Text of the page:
POLQ gene overexpression linked to breast cancer relapse
MedWire News: UK researchers have discovered that overexpression of the DNA polymerase theta gene (POLQ) is associated with a substantially increased risk for breast cancer relapse.
The team from the University of Oxford suggests drugs that block POLQ may be able to reverse the very poor survival associated with over-production of this gene.
"Depletion of POLQ has recently been shown to render tumor cells more sensitive to radiotherapy whilst having little or no effect on normal tissues," explain W Gillies McKenna and colleagues in the open access journal Oncotarget.
This finding led the researchers to investigate whether tumors that overexpress POLQ are associated with adverse outcomes in breast cancer patients. They assessed POLQ expression levels in tumor samples from 279 patients treated for early-stage disease between 1989 and 1998, then correlated their findings with the clinical outcomes of each of the patients.
McKenna and team found that a significant number of tumors overexpressed POLQ and that overexpression significantly correlated with estrogen receptor (ER)-negative disease and high tumor grade, both of which are associated with poor clinical outcome.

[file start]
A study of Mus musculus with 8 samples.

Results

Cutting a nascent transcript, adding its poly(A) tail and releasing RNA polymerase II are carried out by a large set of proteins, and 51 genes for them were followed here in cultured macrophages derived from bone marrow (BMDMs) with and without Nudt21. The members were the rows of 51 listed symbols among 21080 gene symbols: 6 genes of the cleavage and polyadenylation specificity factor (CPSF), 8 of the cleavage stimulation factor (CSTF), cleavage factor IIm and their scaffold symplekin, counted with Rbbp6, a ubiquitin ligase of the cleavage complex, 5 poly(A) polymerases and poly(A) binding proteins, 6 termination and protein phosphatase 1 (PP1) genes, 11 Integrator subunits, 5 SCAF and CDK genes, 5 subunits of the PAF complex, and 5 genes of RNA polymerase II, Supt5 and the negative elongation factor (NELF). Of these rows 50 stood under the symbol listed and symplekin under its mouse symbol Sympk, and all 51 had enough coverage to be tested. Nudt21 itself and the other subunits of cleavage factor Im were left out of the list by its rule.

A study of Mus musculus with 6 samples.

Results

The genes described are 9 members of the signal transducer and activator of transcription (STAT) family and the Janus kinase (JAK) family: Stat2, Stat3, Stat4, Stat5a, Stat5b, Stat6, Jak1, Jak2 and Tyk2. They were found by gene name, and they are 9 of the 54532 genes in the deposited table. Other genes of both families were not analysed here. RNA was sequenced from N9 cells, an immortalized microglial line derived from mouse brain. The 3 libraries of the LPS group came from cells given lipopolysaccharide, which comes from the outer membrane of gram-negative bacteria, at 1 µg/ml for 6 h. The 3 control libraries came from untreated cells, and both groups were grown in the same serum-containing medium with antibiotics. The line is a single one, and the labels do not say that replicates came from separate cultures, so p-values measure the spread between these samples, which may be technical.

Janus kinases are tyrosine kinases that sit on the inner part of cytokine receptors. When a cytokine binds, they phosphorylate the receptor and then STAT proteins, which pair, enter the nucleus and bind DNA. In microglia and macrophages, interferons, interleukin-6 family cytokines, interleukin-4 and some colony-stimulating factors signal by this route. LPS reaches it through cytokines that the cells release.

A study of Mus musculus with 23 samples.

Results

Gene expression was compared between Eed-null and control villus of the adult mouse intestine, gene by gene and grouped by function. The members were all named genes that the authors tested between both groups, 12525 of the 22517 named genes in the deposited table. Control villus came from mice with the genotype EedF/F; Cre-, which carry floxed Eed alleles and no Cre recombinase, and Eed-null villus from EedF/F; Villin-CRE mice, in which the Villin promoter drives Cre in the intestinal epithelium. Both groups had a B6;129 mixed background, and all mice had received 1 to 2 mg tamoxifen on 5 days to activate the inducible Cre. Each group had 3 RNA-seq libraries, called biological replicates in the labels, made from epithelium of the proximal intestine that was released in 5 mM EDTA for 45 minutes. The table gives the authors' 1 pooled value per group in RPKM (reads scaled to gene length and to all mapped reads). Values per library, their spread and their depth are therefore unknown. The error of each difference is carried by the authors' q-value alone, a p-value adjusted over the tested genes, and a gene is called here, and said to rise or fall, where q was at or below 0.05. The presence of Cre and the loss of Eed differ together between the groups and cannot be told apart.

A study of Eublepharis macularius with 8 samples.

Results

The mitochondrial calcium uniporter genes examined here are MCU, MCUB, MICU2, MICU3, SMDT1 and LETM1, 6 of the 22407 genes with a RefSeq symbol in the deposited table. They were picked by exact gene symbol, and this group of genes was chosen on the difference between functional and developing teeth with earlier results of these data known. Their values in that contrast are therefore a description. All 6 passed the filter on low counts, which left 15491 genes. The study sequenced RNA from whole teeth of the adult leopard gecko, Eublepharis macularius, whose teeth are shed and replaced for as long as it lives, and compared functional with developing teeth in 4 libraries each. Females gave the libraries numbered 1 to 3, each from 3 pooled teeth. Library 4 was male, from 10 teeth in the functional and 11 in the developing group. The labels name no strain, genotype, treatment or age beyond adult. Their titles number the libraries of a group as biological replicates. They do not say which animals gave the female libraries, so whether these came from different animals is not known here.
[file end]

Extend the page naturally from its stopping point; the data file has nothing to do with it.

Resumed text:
Multivariate analysis revealed that POLQ overexpression was independently associated with an eight-fold increased risk for relapse, after adjustment for ER status, lymph node status, patient age, tumor grade, and tumor size.
Analysis of genetic data from several other studies of more than 800 breast cancer patients in the UK, The Netherlands, and Sweden confirmed that POLQ overexpression is associated with adverse clinical outcomes including cancer development and progression.
The mechanism that causes this adverse outcome is unclear but may, in part, arise from resistance to adjuvant treatment, say McKenna et al. It is also possible that POLQ overexpression promotes a more aggressive phenotype that increases the likelihood of disease recurrence.
McKenna said: "This is important research which provides evidence that POLQ may be a very appealing target for drug development.
"As POLQ is not switched on by most healthy tissues it is possible that if drugs could be developed to block this gene, they would make tumors more responsive to treatments such as radiotherapy and chemotherapy but not increase the side effects caused to healthy cells."